Scottish choreographer and performer Claire Cunningham conceived of the short and provocative piece Resemblance, embedded below, for the nonprofit 14-18 NOW, which has been working in partnership with arts organizations and artists throughout the United Kingdom, including musicians, painters, photographers, theatre directors, choreographers, and filmmakers, to present commissioned works for centenary commemorations of World War I. The work is appearing over a period equivalent to that of the war's own duration: August 2014, Anniversary of the Declaration of War; July 2016, Start of the Battle of the Somme; and November 2018, Centenary of the Armistice.
The solo piece below, with music by Zoe Irvine, raises numerous questions about the act of creation, who makes objects, and how we use what we make. As viewers will see, Cunningham ritualistically assembles a crutch, though she could just as easily be miming the step-by-step actions of a soldier assembling, or taking apart, his or her rifle. The film contrasts starkly the opposing notions of making and destroying.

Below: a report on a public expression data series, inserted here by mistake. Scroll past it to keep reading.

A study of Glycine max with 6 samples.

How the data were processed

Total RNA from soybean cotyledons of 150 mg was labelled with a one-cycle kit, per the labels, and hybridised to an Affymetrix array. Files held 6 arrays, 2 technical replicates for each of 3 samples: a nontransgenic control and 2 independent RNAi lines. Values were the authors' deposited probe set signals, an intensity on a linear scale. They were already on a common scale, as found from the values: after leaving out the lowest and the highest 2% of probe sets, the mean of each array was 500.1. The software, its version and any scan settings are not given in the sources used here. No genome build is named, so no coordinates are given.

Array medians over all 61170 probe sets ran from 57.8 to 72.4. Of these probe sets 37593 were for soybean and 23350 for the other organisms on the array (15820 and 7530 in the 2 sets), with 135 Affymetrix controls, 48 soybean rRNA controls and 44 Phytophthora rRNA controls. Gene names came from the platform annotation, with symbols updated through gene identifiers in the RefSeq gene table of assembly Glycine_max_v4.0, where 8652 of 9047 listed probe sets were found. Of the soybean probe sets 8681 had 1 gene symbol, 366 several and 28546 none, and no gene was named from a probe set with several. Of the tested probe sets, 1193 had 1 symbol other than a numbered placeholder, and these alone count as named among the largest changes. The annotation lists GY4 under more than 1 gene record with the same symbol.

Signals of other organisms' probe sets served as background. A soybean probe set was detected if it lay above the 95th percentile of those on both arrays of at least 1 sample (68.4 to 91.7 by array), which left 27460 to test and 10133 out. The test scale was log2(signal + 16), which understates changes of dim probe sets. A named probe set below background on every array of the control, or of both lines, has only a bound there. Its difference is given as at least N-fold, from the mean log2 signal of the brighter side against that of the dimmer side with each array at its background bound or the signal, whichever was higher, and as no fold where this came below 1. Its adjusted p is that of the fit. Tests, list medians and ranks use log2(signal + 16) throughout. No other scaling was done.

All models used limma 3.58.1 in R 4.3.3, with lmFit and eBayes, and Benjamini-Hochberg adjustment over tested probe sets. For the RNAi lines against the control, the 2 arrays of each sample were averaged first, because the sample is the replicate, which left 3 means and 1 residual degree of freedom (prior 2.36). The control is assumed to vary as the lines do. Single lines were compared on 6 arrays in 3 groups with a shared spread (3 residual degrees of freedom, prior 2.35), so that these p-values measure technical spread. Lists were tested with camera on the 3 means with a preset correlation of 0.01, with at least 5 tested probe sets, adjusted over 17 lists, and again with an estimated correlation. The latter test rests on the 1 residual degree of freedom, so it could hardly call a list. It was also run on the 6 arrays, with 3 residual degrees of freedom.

Resemblance is part of a series, "Does It Matter?" (after the Siegried Sassoon poem "Does It Matter?"); the other shorts, each of which was screened in September 2014 at Southbank Centre, are Katherine Araniello's Oh! What a Lovely Lovely Ward, Jez Colborne's Soldiering On, Tony Heaton's Breathe Nothing of Slaughter, and Simon Mckeown's Ghosts. All the shorts may be viewed on YouTube or at the 1418 NOW site.
Cunningham is a disabled artist, as are the other artists whose work is featured. Read David Pollock's article "Claire Cunningham on Staying Creative in a Climate of Fear" at WOW (August 11, 2015).